Fiat Chrysler Automobiles (FCA) executive Alphons Iacobelli approved spending more than £22,000 on a party for former UAW union vice president Norwood Jewell.
The party included “ultra-premium” liquor and models who lit the union leaders’ cigars.
Money from training funds covered the £5,000 cigar purchase and £2,200 for wine in bottles with custom labels that featured Jewell’s name.
According to Iacobelli, leaders at the UAW sold out tens of thousands of autoworkers.
Over £1 million in illegal benefits was paid to UAW leaders to influence negotiations.
The union signed up for a deal with the FCA that was later rejected by the union’s members. Prosecutors also alleged that an unnamed Fiat Chrysler executive gave a custom-made Italian watch to Jewell’s predecessor, the late General Holiefield, in 2010.
The party is the latest allegation in a corruption investigation that has expanded to include a former member of General Motors board and UAW training centers funded by FCA, GM and Ford.
Jewell received a £1,800 shotgun in 2015 paid for with money that was supposed to benefit UAW workers.
In one incident cited in the documents, FCA officials scripted a top union official on what to say.
It was during a meeting when the company was negotiating to purchase a large stake in Chrysler owned by the UAW Retiree Medical Benefits Trust.
The bribes were to keep senior UAW officials “fat, dumb and happy” .
Another former high-ranking union leader, General Motors board member Joe Ashton, abruptly resigned late last year.
Investigators are interested in Ashton, a retired UAW vice president appointed to GM’s board of directors in 2014, and Cindy Estrada, his successor in charge of the union’s GM department.
A cop slashed himself with a knife then claimed he was assaulted, a misconduct hearing was told.
PC Anthony Colson said someone jumped him while on duty in a car park in 2016. But a doctor who analysed cuts on his head and hand told the hearing they were self-inflicted.
The hearing continues.
George Osborne can’t count his powerhouse fibs
George Osborne has been plugging a report by the Northern Powerhouse Partnership, of which he is chair. It’s one of many jobs he’s fully committed to in return for large amounts of cash.
The report calls for the government to spend an extra £300 million on early years education to ensure “every child is school ready by age five”.
But Osborne slashed national spending on that very area by £650 million.
That led to 1,240 Sure Start centres being shut—a third of the total.
Figures for spending on early years education in the north of England between 2010-11 and 2016-17 are as follows:
Yorkshire and the Humber—Down from £173.7 million to £76 million
North West—Down from £228.9 million to £108 million
North East—Down from £81.9 million to £40 million
In total that’s cuts of 50 percent for the north.
Piers Morgan said in 2011 on his time as editor of the Mirror, “I’ve never hacked a phone, told anyone to hack a phone, or published any stories based on the hacking of a phone.’
A Mirror statement settling a court case over hacking this week said, “Senior employees including editors and journalists, condoned, encouraged or actively turned a blind eye to the widespread culture of unlawful information-gathering activities.”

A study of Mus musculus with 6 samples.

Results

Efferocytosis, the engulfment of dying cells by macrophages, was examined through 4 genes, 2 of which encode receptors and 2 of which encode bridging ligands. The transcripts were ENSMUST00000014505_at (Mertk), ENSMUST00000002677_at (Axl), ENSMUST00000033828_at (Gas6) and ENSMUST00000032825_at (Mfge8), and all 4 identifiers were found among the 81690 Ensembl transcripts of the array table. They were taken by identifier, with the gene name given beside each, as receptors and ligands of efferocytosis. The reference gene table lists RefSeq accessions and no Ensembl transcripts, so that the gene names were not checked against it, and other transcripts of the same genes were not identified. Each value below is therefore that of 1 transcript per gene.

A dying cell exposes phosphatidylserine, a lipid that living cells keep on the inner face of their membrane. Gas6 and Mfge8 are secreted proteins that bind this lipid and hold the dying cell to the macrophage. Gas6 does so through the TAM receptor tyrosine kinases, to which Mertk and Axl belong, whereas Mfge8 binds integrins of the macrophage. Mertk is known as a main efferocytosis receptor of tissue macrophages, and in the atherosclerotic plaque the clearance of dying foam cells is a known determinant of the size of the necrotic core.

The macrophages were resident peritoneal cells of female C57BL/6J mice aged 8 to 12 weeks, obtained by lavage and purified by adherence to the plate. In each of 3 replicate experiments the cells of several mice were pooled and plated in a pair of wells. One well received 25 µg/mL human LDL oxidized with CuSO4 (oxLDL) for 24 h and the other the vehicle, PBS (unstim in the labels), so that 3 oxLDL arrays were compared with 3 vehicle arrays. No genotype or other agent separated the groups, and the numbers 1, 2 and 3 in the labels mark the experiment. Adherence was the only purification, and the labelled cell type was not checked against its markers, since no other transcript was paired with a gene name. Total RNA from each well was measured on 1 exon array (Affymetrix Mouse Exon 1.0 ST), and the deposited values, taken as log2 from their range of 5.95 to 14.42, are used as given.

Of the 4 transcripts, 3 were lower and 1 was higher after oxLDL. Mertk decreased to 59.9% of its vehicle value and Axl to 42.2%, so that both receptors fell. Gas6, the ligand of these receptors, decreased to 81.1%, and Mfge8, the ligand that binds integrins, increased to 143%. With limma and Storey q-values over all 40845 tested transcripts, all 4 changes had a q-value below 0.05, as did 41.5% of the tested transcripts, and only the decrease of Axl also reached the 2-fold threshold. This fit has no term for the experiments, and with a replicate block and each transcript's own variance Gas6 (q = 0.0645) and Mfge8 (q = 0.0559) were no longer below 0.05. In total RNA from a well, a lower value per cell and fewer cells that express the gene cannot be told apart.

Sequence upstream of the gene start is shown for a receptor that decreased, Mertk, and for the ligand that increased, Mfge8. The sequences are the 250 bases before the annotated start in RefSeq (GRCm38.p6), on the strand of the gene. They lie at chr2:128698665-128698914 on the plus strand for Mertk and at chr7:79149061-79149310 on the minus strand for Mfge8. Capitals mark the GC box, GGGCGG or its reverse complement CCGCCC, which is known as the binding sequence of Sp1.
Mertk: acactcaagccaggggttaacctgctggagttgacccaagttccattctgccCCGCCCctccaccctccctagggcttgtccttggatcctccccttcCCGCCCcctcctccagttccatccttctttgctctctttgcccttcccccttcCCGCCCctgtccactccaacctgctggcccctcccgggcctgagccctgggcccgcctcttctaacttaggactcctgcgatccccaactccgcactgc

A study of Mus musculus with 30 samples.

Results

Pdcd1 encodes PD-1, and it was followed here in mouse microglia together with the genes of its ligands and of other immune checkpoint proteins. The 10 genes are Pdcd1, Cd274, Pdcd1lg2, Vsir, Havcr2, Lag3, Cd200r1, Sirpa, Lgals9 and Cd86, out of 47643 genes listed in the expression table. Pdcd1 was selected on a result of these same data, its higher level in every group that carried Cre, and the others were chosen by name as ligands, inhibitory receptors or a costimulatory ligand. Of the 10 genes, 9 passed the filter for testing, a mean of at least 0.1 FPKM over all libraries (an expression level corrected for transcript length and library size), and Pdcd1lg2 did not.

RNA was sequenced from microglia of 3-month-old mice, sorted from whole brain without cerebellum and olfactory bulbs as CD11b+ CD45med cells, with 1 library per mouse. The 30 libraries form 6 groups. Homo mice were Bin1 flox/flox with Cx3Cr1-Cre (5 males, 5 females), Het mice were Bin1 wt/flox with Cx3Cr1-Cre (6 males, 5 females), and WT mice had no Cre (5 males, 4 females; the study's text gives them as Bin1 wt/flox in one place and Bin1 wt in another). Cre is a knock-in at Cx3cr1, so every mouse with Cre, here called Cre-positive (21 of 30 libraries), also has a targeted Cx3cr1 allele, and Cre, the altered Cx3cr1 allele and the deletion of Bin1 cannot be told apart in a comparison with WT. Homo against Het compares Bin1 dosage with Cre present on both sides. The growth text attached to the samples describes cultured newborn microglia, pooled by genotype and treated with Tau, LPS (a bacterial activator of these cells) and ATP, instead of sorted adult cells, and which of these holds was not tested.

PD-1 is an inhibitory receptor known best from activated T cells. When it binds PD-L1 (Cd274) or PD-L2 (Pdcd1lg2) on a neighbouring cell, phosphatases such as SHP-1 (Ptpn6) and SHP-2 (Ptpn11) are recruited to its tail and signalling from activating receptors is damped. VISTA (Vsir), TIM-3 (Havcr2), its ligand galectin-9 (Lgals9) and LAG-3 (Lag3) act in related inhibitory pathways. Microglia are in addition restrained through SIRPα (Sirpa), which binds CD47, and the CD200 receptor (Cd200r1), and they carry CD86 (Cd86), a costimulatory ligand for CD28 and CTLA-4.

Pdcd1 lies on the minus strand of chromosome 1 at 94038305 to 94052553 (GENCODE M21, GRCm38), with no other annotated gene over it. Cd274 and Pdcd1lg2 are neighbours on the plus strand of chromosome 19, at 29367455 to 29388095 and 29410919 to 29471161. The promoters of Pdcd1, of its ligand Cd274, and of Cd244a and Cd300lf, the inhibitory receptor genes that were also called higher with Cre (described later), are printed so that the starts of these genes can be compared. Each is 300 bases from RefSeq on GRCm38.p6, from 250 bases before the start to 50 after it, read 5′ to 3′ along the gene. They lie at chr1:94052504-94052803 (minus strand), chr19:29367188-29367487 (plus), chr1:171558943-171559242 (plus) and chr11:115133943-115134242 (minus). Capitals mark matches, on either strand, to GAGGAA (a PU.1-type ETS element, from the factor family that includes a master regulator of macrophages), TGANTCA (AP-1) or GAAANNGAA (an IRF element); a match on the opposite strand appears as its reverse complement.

Tory Hancock wants to call app Britain
In his new role as the government’s digital secretary, Tory MP Matt Hancock has decided to launch his own app.
The app seems to be swamped with journalists and people pretending to be other politicians.
There’s at least one Donald Trump, an Ed Balls as well as a couple of Liz Trusses.
There’s also a “live stream” section, which—though lacking an actual live stream—has a chatroom. But the app asks for a host of permissions. “Matt Hancock would like to access to your photos,” that sort of thing.
Information collected “may” include a whole host of things—such as your financial and credit card information. “May” is as bad a word in a privacy agreement as it is as a surname for a prime minister
Nonetheless Troublemaker attempted to use the app but faced the warning that, “Matt Hancock keeps stopping”.
Tories double NHS charges
The immigration health surcharge is paid by people from outside the European Economic Area (EEA) who are seeking to live in Britain for six months or more to work, study or join family.
The Tories have put it up from £200 to £400 per year. Stand Up To Racism slammed the change.
Weyman Bennett said, “The government is trying to divert blame for the NHS crisis onto migrants rather than their own cuts.”
Farage leads Trump follows
Fox News called on Nigel Farage to explain why people were taking to the streets over the NHS last Saturday.
“Well the big problem we’ve got is a population crisis caused by government policy on immigration,” the bigot said.
And as night follows day, Donald Trump then tweeted that the protest showed people shouldn’t have univesal healthcare.
He tweeted, “The Democrats are pushing for Universal HealthCare while thousands of people are marching in the UK because their system is going broke and not working.”
DPD courier died to finish shifts
A courier for the parcel giant DPD who was fined for attending a medical appointment to treat his diabetes collapsed and died of the disease.
Don Lane from Christchurch in Dorset missed appointments with specialists. He felt under pressure to cover his round and faced DPD’s £150 daily penalties if he did not find cover.
DPD delivers parcels for Marks & Spencer, Amazon and John Lewis but only pays couriers per parcel delivered.
It treats them as self-employed franchisees and they receive no sick or holiday pay.